Look to any MotoGP racer to see harmony in action. Racers use pressure on the bars and peg
The first thing I notice about any rider is form—what does he or she look like on the bike? How does he sit? What’s her posture? Is it comfortable or awkward, stiff or loose, MotoGP or nervous novice?
Good body positioning isn’t only about style, but function. It must provide the rider harmony with and control over the bike with the minimum possible effort. A shift lever set a quarter-inch too high or too low, for example, can force a rider into awkward readjustments of his entire body.
Even with perfect control settings, good sport-cornering form has its difficulties. Achieving it may look and even feel like it’s reserved for the young and flexible. This may be true to a degree, but many of the problems are actually brought on by our Survival Reactions (SRs). For example, a rider who is improperly trying to level the horizon simply by tilting his head can create stiff and twisted positioning on the bike.
Aside from any SRs, good form is difficult for riders who are still struggling with their basics because it does not address or improve 90 percent of the most fundamental and vital aspects of riding: a sense of traction, speed, lean angle, braking and line.
Any uncertainty about these basics has a physical manifestation—they transfer to the rider’s body positioning in awkward ways. Good coaching can get to the root cause of them, and it’s necessary because what the rider is doing feels right.
Upon seeing photos of themselves, riders often express disappointment: “I certainly felt leaned over a lot further ... Are my knees that far from the deck? … I was right down on the tank, nearly under the paint.” At least it felt that way to them!
Until we solve it, SRs connected with leaning over kick in and begin to distort our senses once we begin tilting the world.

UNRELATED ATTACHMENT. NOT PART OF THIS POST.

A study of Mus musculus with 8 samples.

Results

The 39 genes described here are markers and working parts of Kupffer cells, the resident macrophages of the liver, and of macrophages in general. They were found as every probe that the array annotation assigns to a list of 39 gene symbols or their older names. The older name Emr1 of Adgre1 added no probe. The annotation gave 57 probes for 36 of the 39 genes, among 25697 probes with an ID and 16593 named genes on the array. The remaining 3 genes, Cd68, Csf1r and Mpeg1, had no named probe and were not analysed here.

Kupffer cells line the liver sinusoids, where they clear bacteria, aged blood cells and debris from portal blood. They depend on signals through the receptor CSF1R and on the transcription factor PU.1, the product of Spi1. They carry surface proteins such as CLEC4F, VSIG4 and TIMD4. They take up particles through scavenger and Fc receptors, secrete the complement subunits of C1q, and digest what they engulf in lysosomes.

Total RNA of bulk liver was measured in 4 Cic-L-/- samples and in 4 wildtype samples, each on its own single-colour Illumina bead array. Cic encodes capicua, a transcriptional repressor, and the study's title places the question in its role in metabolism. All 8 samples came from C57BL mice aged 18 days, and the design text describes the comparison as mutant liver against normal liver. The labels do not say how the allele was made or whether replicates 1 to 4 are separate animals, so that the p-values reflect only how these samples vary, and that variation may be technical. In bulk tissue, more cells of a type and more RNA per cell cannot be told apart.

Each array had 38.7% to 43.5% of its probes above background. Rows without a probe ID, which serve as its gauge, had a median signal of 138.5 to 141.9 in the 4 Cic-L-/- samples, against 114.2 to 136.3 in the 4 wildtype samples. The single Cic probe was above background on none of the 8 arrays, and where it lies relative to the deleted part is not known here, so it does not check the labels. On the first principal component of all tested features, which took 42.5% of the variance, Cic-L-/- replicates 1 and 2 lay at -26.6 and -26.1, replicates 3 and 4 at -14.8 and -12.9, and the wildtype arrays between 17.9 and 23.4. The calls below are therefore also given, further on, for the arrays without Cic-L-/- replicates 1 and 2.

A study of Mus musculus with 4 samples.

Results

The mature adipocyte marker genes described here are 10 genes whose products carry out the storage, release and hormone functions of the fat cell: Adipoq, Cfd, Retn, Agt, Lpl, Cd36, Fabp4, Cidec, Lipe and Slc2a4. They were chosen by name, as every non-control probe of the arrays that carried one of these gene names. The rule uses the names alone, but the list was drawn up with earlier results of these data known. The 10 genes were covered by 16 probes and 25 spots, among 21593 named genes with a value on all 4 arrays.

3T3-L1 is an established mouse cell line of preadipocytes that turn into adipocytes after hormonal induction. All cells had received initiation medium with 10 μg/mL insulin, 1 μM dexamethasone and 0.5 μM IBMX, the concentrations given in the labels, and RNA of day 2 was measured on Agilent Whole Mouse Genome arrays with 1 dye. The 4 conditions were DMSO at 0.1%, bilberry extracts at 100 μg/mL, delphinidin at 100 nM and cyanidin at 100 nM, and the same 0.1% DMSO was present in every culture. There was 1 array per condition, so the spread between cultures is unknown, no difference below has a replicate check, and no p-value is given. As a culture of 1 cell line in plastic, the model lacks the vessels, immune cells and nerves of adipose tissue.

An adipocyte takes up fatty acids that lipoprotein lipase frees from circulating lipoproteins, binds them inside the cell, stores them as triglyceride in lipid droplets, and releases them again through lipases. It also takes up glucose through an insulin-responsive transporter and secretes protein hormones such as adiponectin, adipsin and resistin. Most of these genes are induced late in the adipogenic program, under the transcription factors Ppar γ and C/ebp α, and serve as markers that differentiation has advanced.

Good cornering form is not an end unto itself, but gives us another guideline. Good form helps good riding to become more fluid and efficient.
While body position isn’t the panacea some think it is, it has its place. For example, holding the body upright, counter to the bike’s lean while cornering, has several negative results such as positioning the rider so he can’t relax.
Which brings us to our primary rule of body positioning: Stability comes in pairs. Code’s First Law of Body Position states that bike and rider stability are always paired—rider instability transfers directly to the bike.
Body positioning has but one critical and basic function: rider stability. How a rider connects to the bike can bring about harmony, control and ease of movement or turn the ride into an uncoordinated wrestling match.
Having stability and freedom of movement sounds conflicting. When something is stable it’s expected to stay put—unmoving, like the foundation of your house or the roots of a tree. But the opposite is true while riding: Once a rider’s individual problems are dissected and properly coached, stability brings about harmony with the bike, freedom of movement on it, and precision control of it—with minimum effort.
MotoGP techniques are often shown to newish riders, and that’s fine for setting the stage on body position. But without a sub-jective understanding of why, how and what the pros went through to get there, it easily becomes disappointing for the student looking at his photos. I can’t fault anyone for wanting a trophy photo with their knee down!